Ballantine Books, 2006, $24.95, 352pp
|This review first appeared on Emerald City|
|Ever wondered what the world of
superhero comics might have been like if instead of adjectivised guys
like ‘Smilin’’ Stan Lee, ‘Giant’ Jack
Kirby and ‘Stupendous’ Steve Ditko, they had been produced
by, say, ‘Calamitous’ Kyle Baker, ‘Prodigious’
Paul Grist or ‘Geronimo’ James Kochalka?
And instead of battling super-duper mega perils and saving the world every third Tuesday, what if superheroes were a bit more normal, or at least a bit less untouchably ‘super’? Well, then we might be in the bizarre world of, er Bizarro World*, a comics anthology in which the pantheon of the DC Universe (that’s the likes of Superman, Batman, Wonder Woman, Flash – and not forgetting the Red Bee!) are gingerly handed over to ‘the greatest alternative cartoonists of our time’ for a bit of that crazy-ass ‘indie’ treatment.
“Indie treatment?” you say, “indie treatment?! What’s indie?” Well, it’s folks who don’t work for Marvel or DC, the two big noises in the English-speaking comics world, and probably don’t write superhero comics, because - certainly in the English-speaking world - most of the people who make a living writing comics write superhero comics, but this isn’t true in the rest of the world, where the outrageous conspiracy of geeks, nerds and smelly comic shop guys to shoehorn comics into a single, slightly silly, genre, was defeated by an alliance of science fiction writers, horror writers, romance writers, nurse writers and, hell, every-other-genre writers. There remains still a heroic underground of non-superhero comic writers in the English-speaking world, but it is a small and mostly badly-paid one (if it’s paid at all).
The flame of indie comics is mostly kept alive by the likes of Maus, Palestine and Persepolis – all fine works, and recognised as ‘worthy’ even by those who think the name for a book with pictures in is an ‘atlas’ – and they’re only the ones who the serious press have decided to recognise. Lots of perfectly sane and really quite talented grown-ups write comic books about anything you care to mention (anything except superheroes), exactly the same as writers do in the mundane world, where books don’t have pictures in unless they’re kept in the glove compartment of your car.
In some kind of messed up exception-that-proves-the-rule scenario, however, Bizarro World sees all of these fine and decent folks throw their indie principles out the window and go to work for The Man at DC Comics (except Kyle Baker – who ‘sold out’ already and wrote a whole DC book, the gloriously Looney Tunes-like Plastic Man, since cancelled for making everyone else look bad).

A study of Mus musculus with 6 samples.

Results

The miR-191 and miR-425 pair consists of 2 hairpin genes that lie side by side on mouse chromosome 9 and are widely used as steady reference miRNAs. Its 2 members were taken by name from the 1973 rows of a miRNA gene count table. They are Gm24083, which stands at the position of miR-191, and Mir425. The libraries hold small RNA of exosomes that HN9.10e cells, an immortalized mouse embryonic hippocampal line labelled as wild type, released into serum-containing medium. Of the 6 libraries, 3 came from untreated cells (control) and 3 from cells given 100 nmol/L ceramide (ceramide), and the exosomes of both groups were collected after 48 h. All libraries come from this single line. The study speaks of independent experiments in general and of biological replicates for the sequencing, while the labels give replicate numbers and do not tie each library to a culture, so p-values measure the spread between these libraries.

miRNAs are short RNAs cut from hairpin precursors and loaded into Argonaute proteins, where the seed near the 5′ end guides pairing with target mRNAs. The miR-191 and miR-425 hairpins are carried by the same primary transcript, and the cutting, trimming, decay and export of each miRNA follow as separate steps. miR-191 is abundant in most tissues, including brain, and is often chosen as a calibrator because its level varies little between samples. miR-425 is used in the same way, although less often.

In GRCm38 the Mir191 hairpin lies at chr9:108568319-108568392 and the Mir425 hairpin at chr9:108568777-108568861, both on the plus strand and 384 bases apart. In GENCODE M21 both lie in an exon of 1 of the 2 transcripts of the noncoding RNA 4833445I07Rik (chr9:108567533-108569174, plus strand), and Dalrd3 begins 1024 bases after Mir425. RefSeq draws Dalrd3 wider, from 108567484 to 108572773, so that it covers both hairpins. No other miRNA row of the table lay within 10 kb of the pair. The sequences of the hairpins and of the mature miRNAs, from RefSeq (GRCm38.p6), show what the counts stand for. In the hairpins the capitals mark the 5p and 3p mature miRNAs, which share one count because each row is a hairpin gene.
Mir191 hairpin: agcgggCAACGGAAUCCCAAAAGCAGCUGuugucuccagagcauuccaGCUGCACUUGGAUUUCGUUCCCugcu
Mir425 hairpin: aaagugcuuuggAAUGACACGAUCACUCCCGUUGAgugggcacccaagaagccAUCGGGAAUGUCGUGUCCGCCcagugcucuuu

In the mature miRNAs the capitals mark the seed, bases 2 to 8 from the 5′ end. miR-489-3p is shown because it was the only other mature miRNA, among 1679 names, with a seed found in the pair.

‘So it’s just a 21st century update of Gissing’s New Grub Street,’ I hear you wail, ‘they all surrender in the end!’ But, you know, whilst a certain residual amount of knowledge about the DC pantheon is presupposed, this is mostly a good-natured subversion of those same ‘sacred’ characters by some people who do subversion and humour particularly well.
My own favourites amongst the 35 very fine strips offered here include Eric Drysdale and Tim Lane’s ‘The Break’, a so-ironic-it’s-almost-beyond-irony look at a day off in the life of the Justice League of America, in which Green Lantern concludes, ‘You know, we should all just ‘hang out’ more’. There’s Dupuy Berberian’s very French ‘Monsieur Batman’, who puts so-called ‘millionaire socialite Bruce Wayne’ to utterly proper shame. There’s some classic Kyle Baker (with Elizabeth Glass) in ‘Personal Shopper’, in which Batman’s faithful old retainer, Alfred, tries to order a new Batmobile in secret. ‘Super-Dumped’ by Johnny Ryan and Dave Cooper I liked mostly because Dave’s versions of Wonder Woman and Supergirl are just sooo cute – you can’t help but love the whole story.
Let’s just stop there because, to be honest, I could pretty much pick out every story in this anthology for one reason or another. This is such a quirky, fun-loving and utterly unpredictable book; one that as well as hilariously satirising so many aspects of conventional superhero comics also gives a fleeting glimpse into the great swarm of talented storytellers clinging by their bloody ink-stained fingernails to the under-exploited underbelly of the modern comics scene, a scene whose super-powered mainstays are becoming increasingly moribund and insular despite all the efforts of the industry giants.
Congratulations should go to DC for producing this book and for giving all these writers and artists a chance to be seen; shame on you if you consider yourself a comics fan and you don’t buy this, because that will be yet another tiny triumph for the outrageous conspiracy of geeks, nerds and smelly comic shop guys over the forces of creativity and talent, and another affirmation for the ‘serious literature’ beard-strokers that comics are not worthy of anyone’s consideration.
* Bizarro was a copy of Superman made by Lex Luthor using a duplicator ray (obviously!). However, he turned out to be somewhat ‘damaged’, to say the least, and ended up just hanging around the DC Universe like some kind of super-powered ‘60s acid casualty, eventually going to live on a cube-shaped duplicate of Earth (called Htrae) with a lot of other bizarro duplicates of Superman’s friends. Bizarro does pop up in this anthology, but for the most part the title simply refers to the fact that the world of indie comics is an imperfect one, much like our own.